2. Appropriate Structure and Style for a Philosophy Paper

Few students enjoy writing papers. Indeed, one might argue, causingsuffering intentionally is wrong, and I certainly will cause much sufferingin assigning papers in this course. My response to this argumentis that there is a long-term good which will arise out of this suffering--students will be better able to formulate, express, andargue their views. Successful communication requires that one haveclear views and that one be able to clearly state them to others. Of course, communication may take many forms. One particularly perverseform (in my opinion) is present-day media advertising. A philosophypaper is the antithesis of such communication. Rather than attemptingto seduce their audience, the authors of philosophy papers seek to provide which will clearly characterize the important aspects ofthe view under discussion, indicate its underlying rationale or justification,and critically compare it to alternative views. In short, such apaper is an argument--a collection of statements which clarify, ground,justify, and substantiate a given view or position.

The following sites offer excellent further advice on writing good philosophy papers:

Philosophy Papers available in the Final Honour Schools of PPE; Literae Humaniores (Classics); Philosophy and Modern Languages; Philosophy and Theology; Physics and Philosophy; Mathematics and Philosophy; Psychology, Philosophy and Linguistics; Computer Science and Philosophy.

Click below Philosophy paper to enlarge.

Click below Philosophy paper to enlarge. Another kind of narrow focus paper concerns philosophical definitions. One of the principal projects of canonical philosophy, since Plato, has been the attempt to define philosophically important concepts, such as TRUTH, JUSTICE, and KNOWLEDGE. This has given rise to an important kind of philosophical debate. Philosophical definitions provide necessary and sufficient conditions for something to count as an example of some concept. For example, one classical definition of knowledge states that for a person to know some claim, the person must believe the claim; she must have good reasons for believing it, and the claim must be true. This definition claims that belief, truth and justification are individually necessary and jointly sufficient for knowledge. However, one of the classic papers of Twentieth Century philosophy raises a counterexample to this definition: an example of a justified true belief that, intuitively, should not count as knowledge. This counterexample shows that belief, truth and justification are not sufficient for knowledge, contrary to the classical definition. This has spawned a cottage industry, involving attempts to modify the definition of knowledge to accommodate the counterexample, followed by new counterexamples to these new definitions. Such give-and-take about the meanings of important philosophical concepts is typical of much academic philosophy. It also constitutes a great strategy for composing a narrow focus, undergraduate philosophy paper: identify some classic philosophical definition of a philosophically important concept, raise a counter-example to the definition, and then consider ways the definition might be modified to accommodate the counter-example. This cycle can be repeated through numerous iterations, including new counter-examples to new definitions, followed by newer definitions accommodating these counter-examples, etc.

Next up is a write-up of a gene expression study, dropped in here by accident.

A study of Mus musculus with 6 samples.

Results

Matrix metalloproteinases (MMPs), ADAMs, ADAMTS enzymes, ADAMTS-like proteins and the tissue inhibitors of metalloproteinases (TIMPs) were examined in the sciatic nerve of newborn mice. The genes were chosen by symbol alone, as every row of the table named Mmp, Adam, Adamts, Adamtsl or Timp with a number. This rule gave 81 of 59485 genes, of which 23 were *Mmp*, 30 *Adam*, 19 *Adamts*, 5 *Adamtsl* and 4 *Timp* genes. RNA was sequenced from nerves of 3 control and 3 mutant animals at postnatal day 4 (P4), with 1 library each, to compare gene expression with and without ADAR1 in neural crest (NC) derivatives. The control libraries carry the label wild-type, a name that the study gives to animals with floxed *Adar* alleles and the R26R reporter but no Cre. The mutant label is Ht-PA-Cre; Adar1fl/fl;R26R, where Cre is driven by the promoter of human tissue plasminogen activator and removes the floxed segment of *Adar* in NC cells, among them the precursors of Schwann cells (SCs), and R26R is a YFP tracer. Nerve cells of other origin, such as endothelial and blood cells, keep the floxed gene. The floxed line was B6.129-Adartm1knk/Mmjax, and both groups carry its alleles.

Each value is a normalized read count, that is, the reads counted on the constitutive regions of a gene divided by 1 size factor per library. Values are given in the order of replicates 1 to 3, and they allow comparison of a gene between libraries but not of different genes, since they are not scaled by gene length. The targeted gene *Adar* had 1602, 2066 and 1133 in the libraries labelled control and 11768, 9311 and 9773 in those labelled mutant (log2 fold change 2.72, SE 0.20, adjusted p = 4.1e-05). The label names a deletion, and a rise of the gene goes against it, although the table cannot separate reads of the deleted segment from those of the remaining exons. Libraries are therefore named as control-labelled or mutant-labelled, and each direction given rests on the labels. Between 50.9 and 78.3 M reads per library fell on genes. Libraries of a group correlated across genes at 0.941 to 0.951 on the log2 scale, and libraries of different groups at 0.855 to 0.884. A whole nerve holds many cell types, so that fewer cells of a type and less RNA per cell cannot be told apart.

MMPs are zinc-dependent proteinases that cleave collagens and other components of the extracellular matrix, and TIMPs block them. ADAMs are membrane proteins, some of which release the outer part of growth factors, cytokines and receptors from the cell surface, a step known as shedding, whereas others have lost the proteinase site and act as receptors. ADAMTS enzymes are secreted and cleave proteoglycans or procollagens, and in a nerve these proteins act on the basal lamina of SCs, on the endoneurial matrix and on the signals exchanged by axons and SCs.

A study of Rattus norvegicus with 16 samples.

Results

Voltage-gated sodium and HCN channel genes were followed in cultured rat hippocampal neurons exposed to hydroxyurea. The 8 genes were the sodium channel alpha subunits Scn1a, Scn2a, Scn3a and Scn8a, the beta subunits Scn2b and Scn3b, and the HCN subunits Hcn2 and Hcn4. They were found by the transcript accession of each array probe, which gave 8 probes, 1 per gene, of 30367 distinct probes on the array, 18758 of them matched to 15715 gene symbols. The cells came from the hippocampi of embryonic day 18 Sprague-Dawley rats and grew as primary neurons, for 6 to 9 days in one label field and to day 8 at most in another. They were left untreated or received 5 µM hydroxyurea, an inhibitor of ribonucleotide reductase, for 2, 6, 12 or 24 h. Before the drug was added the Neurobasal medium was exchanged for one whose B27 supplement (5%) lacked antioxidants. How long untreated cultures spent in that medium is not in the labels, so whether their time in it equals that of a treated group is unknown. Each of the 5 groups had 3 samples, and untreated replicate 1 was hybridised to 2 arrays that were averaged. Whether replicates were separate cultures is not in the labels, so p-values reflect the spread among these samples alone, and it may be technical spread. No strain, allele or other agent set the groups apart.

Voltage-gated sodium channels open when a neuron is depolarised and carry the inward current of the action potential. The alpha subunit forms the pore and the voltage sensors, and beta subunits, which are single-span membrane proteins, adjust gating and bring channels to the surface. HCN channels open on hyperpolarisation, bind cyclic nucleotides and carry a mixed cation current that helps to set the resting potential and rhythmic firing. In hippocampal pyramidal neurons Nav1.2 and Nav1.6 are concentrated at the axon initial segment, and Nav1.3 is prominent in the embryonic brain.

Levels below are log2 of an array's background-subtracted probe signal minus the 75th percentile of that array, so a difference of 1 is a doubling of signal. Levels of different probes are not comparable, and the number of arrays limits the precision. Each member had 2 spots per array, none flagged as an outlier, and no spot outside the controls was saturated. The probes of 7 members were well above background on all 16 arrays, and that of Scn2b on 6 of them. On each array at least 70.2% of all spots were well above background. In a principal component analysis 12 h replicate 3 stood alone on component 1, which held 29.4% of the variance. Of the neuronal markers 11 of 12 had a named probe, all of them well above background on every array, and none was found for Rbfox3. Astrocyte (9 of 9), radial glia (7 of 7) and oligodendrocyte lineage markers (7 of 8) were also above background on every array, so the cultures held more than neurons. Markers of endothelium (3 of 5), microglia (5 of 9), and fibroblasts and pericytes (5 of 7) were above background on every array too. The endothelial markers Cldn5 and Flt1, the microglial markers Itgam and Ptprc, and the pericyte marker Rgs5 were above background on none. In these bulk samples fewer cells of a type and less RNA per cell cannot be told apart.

Click below Philosophy paper to enlarge.

The narrow focus strategy is perhaps the most straightforward strategy for composing a philosophy paper. The point of such a paper is to focus as much as possible on a specific argument by a specific philosopher and to discuss the strengths and weakness of this specific argument. One begins by correctly explaining the target argument. Then one raises objections, either by showing that one or more of the premises is false or implausible, or by showing that the premises, even if true, fail to support the conclusion. One then considers how the author of argument might respond to these criticisms, and ends by replying to these responses. In the course of writing such a focused, critical analysis, the student should include a survey of other criticisms that have been raised, and make clear how her criticism is unique.